Daily News Wrap-Up: Volvo Plans to Become Fully Electric by 2030

EDF Renewables North America signs a PPA for the second tranche of the Space City solar project


Here are some noteworthy cleantech announcements of the day from around the world:

Volvo aims to become a fully electric car company by 2030. The company will launch a new family of electric cars in the coming years, which will be available for online sales only. As part of its new commercial strategy, the company will invest heavily in its online sales channels and reduce complexity in its sales offers. The company will focus on developing only electric cars in the future to target the premium electric market.

EDF Renewables North America has signed a power purchase agreement with an affiliate of Enterprise Products Partners for 100 MWac/ 132 MWdc capacity of the second tranche of the Space City solar project. The project, with a total capacity of 345 MWac/455 MWdc, is located in Texas, United States. The project is expected to commence construction in summer 2021 and begin delivering clean electricity in summer 2022.

Enegix Energy has unveiled the Base One green hydrogen project worth $5.4 billion in partnership with the state government of Ceara, Brazil. The company signed a memorandum of understanding with the Ceara government to set up the hydrogen facility in February 2021. The project is expected to produce 600 million kilogram hydrogen annually from already contracted 3.4 GW of combined wind and solar power through a partnership with Enerwind.

Mars Australia, an Australia-based food products manufacturer, said the company is transitioning to 100% renewable energy at its six facilities and two offices in Australia. The company procured energy from the Victoria-based Kiamal solar project through power purchase agreements with independent power producer Total Eren. The 50 MW solar energy procured from the Kiamal project would be enough to power Mars Australia’s manufacturing facilities and offices in Australia.

GCL-Poly Energy said its subsidiary Jiangsu Zhongneng has entered into a strategic cooperation framework agreement with Wuxi Shangji Automation to invest in research, development, and production of 300,000 tons of granular silicon in Inner Mongolia, an autonomous region of northern China. The two companies intend to establish a joint venture to develop the project, of which 65% equity interest will be held by Jiangsu Zhongnent and 35% by Wuxi Shangji. The project would be implemented in three phases with an estimated investment of 18 billion Chinese Yuan (~$2.78 billion). The first phase of the project would have a production capacity of 60,000 tons.

Yamaha Motor has signed a letter of intent with Honda Motor, KTM, and Piaggio to set up a swappable batteries consortium for motorcycle and light electric vehicles. The consortium would define the swappable battery system’s standardized technical specifications for vehicles belonging to the L-category like mopeds, motorcycles, tricycles, and quadricycles. The consortium would work closely with interested stakeholders and national, European, and international standardization bodies to create international technical standards.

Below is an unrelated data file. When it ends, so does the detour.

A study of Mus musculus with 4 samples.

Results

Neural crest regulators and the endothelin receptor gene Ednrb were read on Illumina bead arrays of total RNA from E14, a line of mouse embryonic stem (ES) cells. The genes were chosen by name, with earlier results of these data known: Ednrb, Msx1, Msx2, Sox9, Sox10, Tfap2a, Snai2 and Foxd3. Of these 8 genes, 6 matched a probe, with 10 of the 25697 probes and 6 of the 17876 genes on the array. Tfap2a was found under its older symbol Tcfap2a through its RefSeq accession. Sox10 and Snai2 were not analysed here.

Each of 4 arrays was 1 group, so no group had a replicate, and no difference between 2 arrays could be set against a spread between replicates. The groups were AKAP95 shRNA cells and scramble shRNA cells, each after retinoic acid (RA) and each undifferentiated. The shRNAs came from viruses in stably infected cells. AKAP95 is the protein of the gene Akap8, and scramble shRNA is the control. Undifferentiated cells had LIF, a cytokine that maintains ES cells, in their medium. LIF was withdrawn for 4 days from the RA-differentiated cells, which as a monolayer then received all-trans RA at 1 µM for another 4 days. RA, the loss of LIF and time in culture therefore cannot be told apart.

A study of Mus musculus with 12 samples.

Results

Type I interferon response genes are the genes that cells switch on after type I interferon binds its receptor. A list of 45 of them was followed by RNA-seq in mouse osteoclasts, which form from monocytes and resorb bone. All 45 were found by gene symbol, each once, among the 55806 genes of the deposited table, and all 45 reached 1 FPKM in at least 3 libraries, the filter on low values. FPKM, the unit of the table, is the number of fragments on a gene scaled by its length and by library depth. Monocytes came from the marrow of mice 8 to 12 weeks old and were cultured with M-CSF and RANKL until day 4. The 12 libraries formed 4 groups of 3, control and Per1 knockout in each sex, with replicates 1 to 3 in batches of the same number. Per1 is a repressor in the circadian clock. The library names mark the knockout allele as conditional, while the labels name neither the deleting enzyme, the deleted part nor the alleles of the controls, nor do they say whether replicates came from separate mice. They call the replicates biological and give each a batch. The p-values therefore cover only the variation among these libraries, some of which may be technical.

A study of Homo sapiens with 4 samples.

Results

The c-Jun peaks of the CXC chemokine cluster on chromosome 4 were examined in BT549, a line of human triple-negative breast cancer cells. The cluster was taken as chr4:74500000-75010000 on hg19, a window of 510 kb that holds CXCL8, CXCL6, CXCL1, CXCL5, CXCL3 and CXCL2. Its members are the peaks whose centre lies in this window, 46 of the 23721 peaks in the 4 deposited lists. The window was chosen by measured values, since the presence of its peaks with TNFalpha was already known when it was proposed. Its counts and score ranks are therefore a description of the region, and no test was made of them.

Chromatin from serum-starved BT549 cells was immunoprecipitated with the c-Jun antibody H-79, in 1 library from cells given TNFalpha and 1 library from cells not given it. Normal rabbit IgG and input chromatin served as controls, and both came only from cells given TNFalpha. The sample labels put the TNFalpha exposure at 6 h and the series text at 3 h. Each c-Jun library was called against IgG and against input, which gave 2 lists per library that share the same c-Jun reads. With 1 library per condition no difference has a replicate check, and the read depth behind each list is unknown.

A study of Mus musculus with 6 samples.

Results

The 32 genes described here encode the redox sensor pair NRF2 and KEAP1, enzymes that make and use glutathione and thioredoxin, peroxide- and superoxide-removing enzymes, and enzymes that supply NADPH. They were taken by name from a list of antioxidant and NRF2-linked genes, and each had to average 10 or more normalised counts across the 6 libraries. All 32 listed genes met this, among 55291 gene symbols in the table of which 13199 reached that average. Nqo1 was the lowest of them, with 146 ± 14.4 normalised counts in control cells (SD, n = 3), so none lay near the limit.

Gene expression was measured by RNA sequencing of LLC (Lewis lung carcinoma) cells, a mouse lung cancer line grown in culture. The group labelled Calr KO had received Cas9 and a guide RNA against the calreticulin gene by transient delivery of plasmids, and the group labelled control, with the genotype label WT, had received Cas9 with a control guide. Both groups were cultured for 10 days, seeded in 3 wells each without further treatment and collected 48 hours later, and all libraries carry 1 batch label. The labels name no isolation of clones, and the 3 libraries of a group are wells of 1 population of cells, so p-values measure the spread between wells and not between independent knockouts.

Northern Reliability and KORE Power have launched their joint venture company Nomad Transportable Power Systems to provide utility-scale mobile energy storage systems. The company would offer plug-and-play battery energy storage systems integrated into specially designed and patent-pending mobile energy storage systems and docking systems. The fleet of storage systems would be available to consumers in 2021.

Daimler Truck and Volvo Group have completed the transaction to form a fuel cell joint venture. The Volvo Group acquired 50% of the partnership interests in the existing Daimler Truck Fuel Cell for approximately 6.3 billion Swedish Krona (~$747.37 million) on a cash and debt-free basis. The joint venture would develop, produce, and commercialize fuel-cell systems for use in heavy-duty trucks as the primary focus and other applications.

Sunseap Group, a Singapore-based solar energy company, and Tenaga Nasional Berhad (TNB), a Malaysia-based electricity company, intend to form a joint venture to participate in the trial by Singapore to import electricity from Malaysia. The joint venture would import 100 MWac of electricity to be generated from renewable energy. The joint venture will invest in multiple solar farms across Malaysia and tap other forms of clean energy like hydroelectricity from TNB’s existing facilities.

Here is our previous daily news wrap-up.